December 22, 2010 — 10 years ago today — was a momentous date for lesbian, gay, and bisexual Americans: President Barack Obama signed legislation to repeal the “don’t ask, don’t tell” policy regarding LGB service members.
The repeal didn’t go into effect until the following September, after the president and other officials certified that the armed forces were prepared to implement it consistent with standards of military effectiveness. But LGB military members and their supporters still were celebrating in December 2010.
U.S. Sen. Chris Coons of Delaware, a champion of repeal, has provided The Advocate an exclusive video (below) in which he reflects on the end of DADT and other progress toward LGBTQ+ equality since then — and what still needs to happen. But first, a bit of history on American military policy toward LGBTQ+ folks.
LGBTQ+ Americans have served in our military as long as the U.S. has been a nation and even before, during the Revolutionary War. But through most of the country’s history, military policy was that they could be discharged simply because of their identity, and many were, although the armed forces were happy to hold on to them in time of war. Bill Clinton, elected president in 1992, promised to lift the ban on troops then generally referred to as “gays in the military,” actually meaning gays, lesbians, and bisexuals; there was little to no awareness of transgender troops at the time.
Clinton met great resistance among military leaders and in Congress, even from many of his fellow Democrats. The most vocal opponents clutched their pearls at the thought of straight troops having to share barracks or showers with gay people, even though this had been going on for ages. Hence the compromise of “don’t ask, don’t tell,” which became the law of the land in 1994 and was actually projected to make life better for LGB service members. They were expected to remain in the closet, meaning they had to hide their most significant relationships, but their superiors weren’t supposed to ask about those relationships or launch investigations.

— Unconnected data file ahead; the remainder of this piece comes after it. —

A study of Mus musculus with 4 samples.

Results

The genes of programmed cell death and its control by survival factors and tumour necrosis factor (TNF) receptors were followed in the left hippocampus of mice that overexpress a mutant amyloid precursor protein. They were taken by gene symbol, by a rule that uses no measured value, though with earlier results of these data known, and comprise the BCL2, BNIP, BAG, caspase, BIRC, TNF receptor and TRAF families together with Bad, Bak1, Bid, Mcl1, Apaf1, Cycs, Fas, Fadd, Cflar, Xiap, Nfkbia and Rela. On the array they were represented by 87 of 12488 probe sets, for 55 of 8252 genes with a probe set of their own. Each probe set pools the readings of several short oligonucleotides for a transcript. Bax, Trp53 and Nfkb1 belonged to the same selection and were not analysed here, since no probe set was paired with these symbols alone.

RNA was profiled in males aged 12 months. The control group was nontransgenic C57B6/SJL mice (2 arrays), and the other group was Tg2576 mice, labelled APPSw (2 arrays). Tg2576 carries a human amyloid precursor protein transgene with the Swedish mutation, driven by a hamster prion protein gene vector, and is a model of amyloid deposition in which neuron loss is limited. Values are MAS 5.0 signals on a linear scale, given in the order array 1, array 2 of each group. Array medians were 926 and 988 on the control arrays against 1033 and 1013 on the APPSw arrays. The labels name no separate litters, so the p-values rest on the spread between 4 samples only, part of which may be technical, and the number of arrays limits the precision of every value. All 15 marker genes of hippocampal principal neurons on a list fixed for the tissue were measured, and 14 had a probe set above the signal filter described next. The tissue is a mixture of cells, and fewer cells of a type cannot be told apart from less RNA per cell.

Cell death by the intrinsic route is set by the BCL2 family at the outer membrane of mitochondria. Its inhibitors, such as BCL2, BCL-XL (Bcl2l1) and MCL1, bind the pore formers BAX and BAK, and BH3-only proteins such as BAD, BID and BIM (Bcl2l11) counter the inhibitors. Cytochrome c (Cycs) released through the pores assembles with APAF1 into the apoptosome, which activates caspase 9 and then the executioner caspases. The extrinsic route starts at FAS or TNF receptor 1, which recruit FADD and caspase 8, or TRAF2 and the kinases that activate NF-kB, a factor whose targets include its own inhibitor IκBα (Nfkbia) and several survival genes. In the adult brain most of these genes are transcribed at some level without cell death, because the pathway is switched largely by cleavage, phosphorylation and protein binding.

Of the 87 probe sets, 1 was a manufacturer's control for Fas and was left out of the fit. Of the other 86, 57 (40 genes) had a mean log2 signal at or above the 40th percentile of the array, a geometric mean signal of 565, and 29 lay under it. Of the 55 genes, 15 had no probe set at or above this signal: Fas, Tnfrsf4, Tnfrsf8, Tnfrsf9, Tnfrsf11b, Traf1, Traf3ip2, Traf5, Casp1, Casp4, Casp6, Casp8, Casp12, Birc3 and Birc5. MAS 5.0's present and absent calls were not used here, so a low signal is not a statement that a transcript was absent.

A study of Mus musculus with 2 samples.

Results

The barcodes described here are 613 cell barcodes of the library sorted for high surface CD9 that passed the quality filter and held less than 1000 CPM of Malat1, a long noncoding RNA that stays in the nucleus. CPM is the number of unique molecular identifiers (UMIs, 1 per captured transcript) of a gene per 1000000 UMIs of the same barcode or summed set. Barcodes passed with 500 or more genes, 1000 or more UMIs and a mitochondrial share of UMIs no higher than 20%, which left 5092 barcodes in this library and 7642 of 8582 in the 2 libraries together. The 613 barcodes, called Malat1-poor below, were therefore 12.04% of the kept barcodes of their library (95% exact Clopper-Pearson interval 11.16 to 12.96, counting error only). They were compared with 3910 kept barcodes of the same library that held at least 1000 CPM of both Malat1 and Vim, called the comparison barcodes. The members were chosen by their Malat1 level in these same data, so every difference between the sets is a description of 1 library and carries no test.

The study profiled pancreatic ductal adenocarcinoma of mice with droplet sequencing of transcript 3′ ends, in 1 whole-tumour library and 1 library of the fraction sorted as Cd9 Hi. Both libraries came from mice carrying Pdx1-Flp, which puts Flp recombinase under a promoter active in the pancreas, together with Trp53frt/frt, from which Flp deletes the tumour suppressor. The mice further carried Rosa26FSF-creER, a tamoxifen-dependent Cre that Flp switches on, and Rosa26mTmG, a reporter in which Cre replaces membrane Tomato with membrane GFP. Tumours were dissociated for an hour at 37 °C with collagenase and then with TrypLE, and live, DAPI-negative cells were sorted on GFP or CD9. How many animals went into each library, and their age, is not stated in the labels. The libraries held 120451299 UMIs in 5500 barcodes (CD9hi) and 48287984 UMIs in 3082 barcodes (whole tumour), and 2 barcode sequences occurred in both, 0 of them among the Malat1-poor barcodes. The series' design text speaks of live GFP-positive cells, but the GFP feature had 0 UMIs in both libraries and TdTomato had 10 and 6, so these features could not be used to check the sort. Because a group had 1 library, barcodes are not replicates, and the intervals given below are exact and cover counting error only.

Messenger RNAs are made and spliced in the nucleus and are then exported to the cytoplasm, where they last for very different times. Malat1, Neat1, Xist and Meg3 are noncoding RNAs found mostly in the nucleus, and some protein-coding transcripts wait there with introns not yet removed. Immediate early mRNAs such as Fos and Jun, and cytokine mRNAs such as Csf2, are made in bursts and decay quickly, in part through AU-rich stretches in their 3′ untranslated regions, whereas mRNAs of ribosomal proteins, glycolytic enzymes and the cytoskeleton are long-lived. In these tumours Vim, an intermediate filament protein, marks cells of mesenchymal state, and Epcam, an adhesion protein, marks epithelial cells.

Unfortunately, the asking and investigating continued. Nearly 14,000 people were discharged from the military under the policy, and thousands more decided not to reenlist because of it. Opposition to DADT grew in the 21st century, and Obama called for its repeal in his State of the Union address in January 2010. That would fulfill a campaign promise he and his vice president, Joe Biden, had made, even though, as a U.S. senator, Biden had voted for the policy. Biden proved key to the repeal effort, lobbying his former Senate colleagues, and military leaders got behind the cause as well.
Still, the road to ending DADT was fraught with tough negotiations in the House and Senate, and outcry by military members and activists who said the process wasn’t moving quickly enough; some notably protested by chaining themselves to the White House fence. Some Republicans in Congress wanted to maintain the policy, but repeal legislation ended up passing with bipartisan support.
“We are not a nation that says, ‘don’t ask, don’t tell,’” Obama said at the signing ceremony. “We are a nation that says, ‘Out of many, we are one.’ We are a nation that welcomes the service of every patriot. We are a nation that believes that all men and women are created equal. Those are the ideals that generations have fought for. Those are the ideals that we uphold today. And now it is my honor to sign this bill into law.”
In 2016, the last year of Obama’s presidency, the military lifted its ban on transgender troops. Because that was a matter of Defense Department policy, not a law passed by Congress, it didn’t require congressional action. The next year, Donald Trump infamously reinstated the ban, but Biden has promised to lift it and to advance LGBTQ+ equality in many other ways, passage of the Equality Act among them.
Coons, a Democrat, now holds Biden’s old seat in the Senate. His work to repeal DADT came during his first month in office — he had been sworn in shortly after a special election in November 2010. Watch his remarks below on where we’ve been and where we’re going.